Woodcrest update, day N+1

So we have had a woodcrest in house for a while now. When we have time we beat on it, we ran codes on it. My impressions are now well formed, and I understand where it makes sense as a platform, and where the competitive technologies make sense. This is not from marketing documents, but from real world testing.

Woodcrest is basically an AMD64 platform without the IOMMU. The processor architecture includes a much improved SSE engine, a larger shared cache, and theoretically, a larger memory bandwidth than its competitor.

Note: we have not (yet) tested the AMD 22xx series, though we will be in short order. This is the directly competitive platform. Our tests of a 5150 are relative to an Opteron 275, which is more than 1.5 years old as a platform. Not apples to oranges.

Relative to the Opteron 275, the Woodcrest 5160 is slower in about 30% of the cases and codes, about even with another 30%, and faster in the remaining 40%. Its that last batch that is interesting.

Of that 40%, about 3/4 it appears to be a cache size issue as increasing processor speed has minimal impact upon performance. About 1/4 appear to be due to the better internal SSE engine. In that 1/4 case, the performance gain is modest, its that 3/4 that is quite interesting. When you get lots of stuff fitting into cache, you can achieve much higher overall apparant performance. In fact, the trick of superlinear speedup is tied directly to how to get your working set from operating mostly in RAM at 1 CPU to operating mostly in cache at N cpus.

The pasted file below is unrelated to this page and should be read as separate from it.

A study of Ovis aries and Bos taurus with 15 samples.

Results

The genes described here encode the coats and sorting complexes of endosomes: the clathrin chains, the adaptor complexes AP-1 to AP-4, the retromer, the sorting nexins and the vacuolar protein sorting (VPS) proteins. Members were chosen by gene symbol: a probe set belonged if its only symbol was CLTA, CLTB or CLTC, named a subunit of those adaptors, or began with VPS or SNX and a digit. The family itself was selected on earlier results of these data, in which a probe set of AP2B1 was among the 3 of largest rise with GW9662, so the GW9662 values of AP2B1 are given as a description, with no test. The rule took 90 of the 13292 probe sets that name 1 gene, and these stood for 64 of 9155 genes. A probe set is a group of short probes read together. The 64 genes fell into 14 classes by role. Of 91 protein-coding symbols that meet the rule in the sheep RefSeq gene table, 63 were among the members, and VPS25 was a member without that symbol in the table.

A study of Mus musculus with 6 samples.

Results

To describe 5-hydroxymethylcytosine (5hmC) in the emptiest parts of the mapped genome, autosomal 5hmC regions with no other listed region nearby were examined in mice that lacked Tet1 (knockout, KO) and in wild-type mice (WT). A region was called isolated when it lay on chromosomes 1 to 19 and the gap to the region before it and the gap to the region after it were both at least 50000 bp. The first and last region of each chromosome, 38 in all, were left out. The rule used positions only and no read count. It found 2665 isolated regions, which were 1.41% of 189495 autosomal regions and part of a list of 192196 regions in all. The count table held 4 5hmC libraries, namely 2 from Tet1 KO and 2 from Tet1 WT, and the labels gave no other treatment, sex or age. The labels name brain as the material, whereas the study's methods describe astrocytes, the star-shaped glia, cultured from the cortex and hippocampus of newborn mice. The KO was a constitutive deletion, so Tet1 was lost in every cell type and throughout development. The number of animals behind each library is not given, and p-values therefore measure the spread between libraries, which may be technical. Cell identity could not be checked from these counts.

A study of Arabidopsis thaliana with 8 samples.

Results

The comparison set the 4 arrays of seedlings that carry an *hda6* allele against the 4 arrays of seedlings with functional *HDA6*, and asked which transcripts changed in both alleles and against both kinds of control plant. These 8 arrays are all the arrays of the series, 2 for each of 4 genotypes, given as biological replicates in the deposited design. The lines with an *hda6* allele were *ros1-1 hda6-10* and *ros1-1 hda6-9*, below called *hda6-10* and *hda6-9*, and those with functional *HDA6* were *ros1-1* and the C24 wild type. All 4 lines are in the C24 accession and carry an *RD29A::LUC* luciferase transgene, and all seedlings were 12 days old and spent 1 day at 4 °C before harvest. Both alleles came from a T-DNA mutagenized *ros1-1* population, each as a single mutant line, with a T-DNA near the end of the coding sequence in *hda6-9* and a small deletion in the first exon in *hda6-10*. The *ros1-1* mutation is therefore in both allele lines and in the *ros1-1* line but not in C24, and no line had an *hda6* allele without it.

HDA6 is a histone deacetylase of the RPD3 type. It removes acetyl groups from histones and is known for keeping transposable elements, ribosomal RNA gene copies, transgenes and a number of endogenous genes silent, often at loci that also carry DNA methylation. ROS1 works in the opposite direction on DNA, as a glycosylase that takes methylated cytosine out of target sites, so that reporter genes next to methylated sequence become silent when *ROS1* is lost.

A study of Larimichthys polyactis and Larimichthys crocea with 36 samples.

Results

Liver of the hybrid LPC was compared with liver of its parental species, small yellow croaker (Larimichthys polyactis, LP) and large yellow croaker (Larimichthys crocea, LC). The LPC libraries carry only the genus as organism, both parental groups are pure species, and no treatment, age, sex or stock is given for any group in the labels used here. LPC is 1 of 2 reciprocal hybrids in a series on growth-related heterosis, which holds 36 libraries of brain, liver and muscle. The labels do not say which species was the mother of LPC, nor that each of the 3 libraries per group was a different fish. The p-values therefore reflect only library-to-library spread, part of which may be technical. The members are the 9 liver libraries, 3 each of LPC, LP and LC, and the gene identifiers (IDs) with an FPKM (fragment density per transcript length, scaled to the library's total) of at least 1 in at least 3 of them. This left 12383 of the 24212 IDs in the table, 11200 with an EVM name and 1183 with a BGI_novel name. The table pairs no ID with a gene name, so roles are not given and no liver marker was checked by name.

More cache helps most programs that have regular memory access patterns that map well into a cache architecture. An FFT butterfly is “regular” but very cache unfriendly.

Our testing shows that Woodcrest makes a good Opteron, and in a few specific code cases, a better Opteron than opteron, but …. there are some “gotchas”.

Memory bandwidth, and memory bandwidth bound codes operating out of RAM appear to not fare as well on Woodcrest as they do on Opteron. That is, the much vaunted 21 GB/s memory bandwidth, as reported widely by misty-eyed “independent” press isn’t actually realized. The best we could do is about 7.2 GB/s. This shows up in memory bandwidth limited codes. Faster cores and faster SSE engines don’t matter one bit if you can’t get the data to the engines faster. Intel really needs to look more closely at the Opteron NUMA design, it is very good for memory bandwidth bound code.

Obviously we need to test the Opteron 2218 as well (in our lab, awaiting a replacement motherboard, long painful story). Will do this soon.

Regardless, Intel has an impressive chip here. We are working on some very nice code refactoring that will try to exploit the heck out of that SSE pipeline. If you see me at SC, feel free to ask about it if you interested in informatics.